Devouring of the weak keeps the sector strong

THE health of investment trusts as a whole depends, in part, on mechanisms through which underperforming trusts can be positively restructured for the future or liquidated.

There are more than 300 UK investment trusts and a further 50 or so investment trust-type funds on the UK stock market. Since the beginning of 1993, more than 80 investment trusts have been launched and only a handful wound up through takeovers. But this "cannibalism" performs a useful function. It eliminates investment vehicles with records too poor to justify survival, and forces change on those whose capital structure or investment specialisation is no longer relevant or has been overtaken by events.

Without this mechanism, long-term confidence in investment trusts could be undermined and their generally good performance record (one of their compelling attractions) threatened.

Nevertheless, predatory action can be destructive to shareholders' interests if certain principles are not observed. These are that all shareholders in a target fund are treated equally and that a cash alternative is provided - as close as possible to asset value - before any change of control is accepted. If the primary purpose of a hostile move is simply to add to funds under management for the aggressor, it is less likely to win support than one with a clear aim to deliver value to shareholders in the target trust.

Aggressive bids, including those for Edinburgh and Dundee, Murray Growth, British Investment Trust, TR Industrial and General and Globe in the 1980s, have also played a role in cutting the average UK investment trust discount from 30 per cent in 1980 (having peaked at 45 per cent in 1974) to the current level of around 7 per cent. Predatory action has played an important part in providing motivation for management groups and trust boards to support the highly successful campaign, orchestrated by the Association of Investment Trust Companies, to rekindle the enthusiasm of the small investor for trusts.

If takeovers are "a good thing", why have there not been more, particularly as many commentators on the trust sector said that 1995 was the year when hostile activity would return with a vengeance, and when there has certainly been no shortage of suitable targets deserving a swift end?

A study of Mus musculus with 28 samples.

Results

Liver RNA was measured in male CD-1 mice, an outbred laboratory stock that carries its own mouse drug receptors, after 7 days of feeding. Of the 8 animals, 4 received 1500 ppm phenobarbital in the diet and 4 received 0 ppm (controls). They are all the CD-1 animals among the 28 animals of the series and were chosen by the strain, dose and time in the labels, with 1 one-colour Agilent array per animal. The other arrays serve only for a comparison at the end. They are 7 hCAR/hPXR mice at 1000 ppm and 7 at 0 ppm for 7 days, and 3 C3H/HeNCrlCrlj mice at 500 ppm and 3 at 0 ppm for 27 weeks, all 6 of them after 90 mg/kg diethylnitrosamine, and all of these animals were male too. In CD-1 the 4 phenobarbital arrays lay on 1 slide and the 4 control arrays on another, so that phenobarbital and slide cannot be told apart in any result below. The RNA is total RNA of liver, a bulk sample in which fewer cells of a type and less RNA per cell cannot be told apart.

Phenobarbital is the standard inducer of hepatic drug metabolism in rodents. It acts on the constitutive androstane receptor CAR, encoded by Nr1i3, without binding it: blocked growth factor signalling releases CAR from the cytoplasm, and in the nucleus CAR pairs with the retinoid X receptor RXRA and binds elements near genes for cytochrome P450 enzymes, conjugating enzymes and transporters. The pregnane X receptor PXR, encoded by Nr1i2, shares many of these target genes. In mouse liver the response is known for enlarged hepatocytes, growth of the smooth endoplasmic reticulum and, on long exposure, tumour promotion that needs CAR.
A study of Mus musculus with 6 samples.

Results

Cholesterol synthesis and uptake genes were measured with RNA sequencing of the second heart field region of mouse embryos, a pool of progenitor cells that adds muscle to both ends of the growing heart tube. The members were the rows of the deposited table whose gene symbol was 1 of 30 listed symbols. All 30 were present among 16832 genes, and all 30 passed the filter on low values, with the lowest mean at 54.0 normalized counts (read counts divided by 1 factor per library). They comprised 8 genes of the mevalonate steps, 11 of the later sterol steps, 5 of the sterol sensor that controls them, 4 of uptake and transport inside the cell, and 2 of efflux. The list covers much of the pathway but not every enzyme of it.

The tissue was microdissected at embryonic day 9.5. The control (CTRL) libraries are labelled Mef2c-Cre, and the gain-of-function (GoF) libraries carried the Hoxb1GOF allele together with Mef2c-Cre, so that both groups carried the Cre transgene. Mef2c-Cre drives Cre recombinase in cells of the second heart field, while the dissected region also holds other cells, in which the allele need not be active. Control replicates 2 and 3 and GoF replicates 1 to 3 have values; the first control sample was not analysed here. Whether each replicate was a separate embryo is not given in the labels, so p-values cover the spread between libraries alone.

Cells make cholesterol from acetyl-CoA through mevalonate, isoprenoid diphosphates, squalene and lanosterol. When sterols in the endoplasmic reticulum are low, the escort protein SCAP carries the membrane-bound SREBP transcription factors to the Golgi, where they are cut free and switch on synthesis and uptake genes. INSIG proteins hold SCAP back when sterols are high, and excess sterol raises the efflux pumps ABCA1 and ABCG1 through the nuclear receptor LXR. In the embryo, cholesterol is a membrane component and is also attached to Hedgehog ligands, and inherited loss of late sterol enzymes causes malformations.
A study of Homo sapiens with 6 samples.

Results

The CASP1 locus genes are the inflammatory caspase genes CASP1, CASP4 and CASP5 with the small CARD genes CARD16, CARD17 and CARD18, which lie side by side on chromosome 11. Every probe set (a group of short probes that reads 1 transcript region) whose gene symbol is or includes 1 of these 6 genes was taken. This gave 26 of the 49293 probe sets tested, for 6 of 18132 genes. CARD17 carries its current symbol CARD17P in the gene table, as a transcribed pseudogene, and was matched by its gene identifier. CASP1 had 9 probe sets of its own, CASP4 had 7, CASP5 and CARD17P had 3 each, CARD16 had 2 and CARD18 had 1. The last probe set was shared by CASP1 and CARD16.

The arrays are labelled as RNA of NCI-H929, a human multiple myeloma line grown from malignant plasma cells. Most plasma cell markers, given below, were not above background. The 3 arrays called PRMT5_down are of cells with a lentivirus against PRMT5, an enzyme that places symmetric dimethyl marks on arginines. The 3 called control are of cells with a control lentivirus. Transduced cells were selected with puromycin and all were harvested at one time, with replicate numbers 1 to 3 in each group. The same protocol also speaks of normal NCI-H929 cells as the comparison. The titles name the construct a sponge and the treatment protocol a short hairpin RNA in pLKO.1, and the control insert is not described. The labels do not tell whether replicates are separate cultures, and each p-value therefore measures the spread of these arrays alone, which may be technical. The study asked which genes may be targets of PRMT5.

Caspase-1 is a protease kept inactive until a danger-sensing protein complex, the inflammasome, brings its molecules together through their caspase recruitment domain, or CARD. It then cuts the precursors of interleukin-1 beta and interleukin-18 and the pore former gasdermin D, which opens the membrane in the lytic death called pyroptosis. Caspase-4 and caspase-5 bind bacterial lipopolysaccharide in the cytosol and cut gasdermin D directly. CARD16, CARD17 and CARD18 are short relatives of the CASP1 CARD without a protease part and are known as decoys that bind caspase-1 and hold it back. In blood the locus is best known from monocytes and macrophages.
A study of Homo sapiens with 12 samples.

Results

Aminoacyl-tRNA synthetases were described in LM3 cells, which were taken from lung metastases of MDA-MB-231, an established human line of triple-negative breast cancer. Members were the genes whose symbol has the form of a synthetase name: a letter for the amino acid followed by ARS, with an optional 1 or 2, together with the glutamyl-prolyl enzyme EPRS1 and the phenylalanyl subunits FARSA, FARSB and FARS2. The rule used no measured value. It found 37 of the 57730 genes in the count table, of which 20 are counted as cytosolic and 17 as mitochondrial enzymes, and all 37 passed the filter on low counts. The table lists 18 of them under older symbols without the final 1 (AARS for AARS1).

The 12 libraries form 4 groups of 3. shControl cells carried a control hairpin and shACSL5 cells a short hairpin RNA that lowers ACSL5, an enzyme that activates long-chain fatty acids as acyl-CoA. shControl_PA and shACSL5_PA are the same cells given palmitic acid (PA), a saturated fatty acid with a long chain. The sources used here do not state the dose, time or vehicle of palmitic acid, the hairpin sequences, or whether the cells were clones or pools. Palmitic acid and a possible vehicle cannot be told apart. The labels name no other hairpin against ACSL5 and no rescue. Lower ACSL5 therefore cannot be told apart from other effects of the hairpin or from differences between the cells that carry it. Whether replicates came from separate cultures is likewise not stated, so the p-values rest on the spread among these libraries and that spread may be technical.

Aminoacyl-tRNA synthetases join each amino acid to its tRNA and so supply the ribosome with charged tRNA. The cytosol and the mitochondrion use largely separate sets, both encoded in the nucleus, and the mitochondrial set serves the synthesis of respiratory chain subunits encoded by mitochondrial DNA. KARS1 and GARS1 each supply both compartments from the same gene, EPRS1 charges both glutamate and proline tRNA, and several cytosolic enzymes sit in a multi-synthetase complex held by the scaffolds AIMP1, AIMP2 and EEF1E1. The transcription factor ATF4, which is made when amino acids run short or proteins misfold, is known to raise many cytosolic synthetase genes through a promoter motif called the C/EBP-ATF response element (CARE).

Inevitably, the realities are a little more complicated. In many cases, institutional investors (pension funds, life and assurance companies and so on) would be happy to support hostile actions but are unwilling to cast the first stone. The stockbrokers are even less likely to precipitate, or even support, hostile actions, where they might antagonise the trusts's managers (who are also their clients) and so jeopardise their broking commissions and relationships.

Furthermore, institutions form the bulk of investment trust investors - with a stake in the sector of around 60 per cent. Many of these institutions have held stakes in trusts for many years and are locked in with large potential capital gains tax liabilities. The potential tax liability for many institutions could range from 7.5 per cent of the current price to as much as 15 per cent. So the potential uplift from a cash bid for a trust on a discount of around 10 per cent could be more than offset by the CGT liability. Without a reform of CGT, cash bids for trusts on discounts prior to the bid of less than 15 per cent look unlikely.

Both the Government and the Labour Party have championed changing the CGT regime. BZW's view is that such changes to CGT could lead to a new wave of restructuring among investment trusts.

Although the effect on the trust world of any changes is hardly likely to be at the forefront of public policy considerations, the impact could be dramatic, with as much as 20 per cent of the sector (or nearly pounds 2bn) being reorganised, restructured or liquidated.

But even without CGT changes, out-of-favour specialist trusts trading on significantly wider than average discounts will again create opportunities for predators.

We would argue that such activity is natural and has the function of providing a limit to how wide discounts can go.

Investors should scrutinise predatory proposals carefully to ensure that they operate to the benefit of all shareholders, that costs are fairly allocated, and that suitable cash alternatives are available whenever possible.

But above all, do not buy trusts simply because you think they might be wound up or simply because the discount is wide. It is the quality of the managers and the assets of the trust that will drive the long-term performance.

q The authors are investment trust analysts at BZW.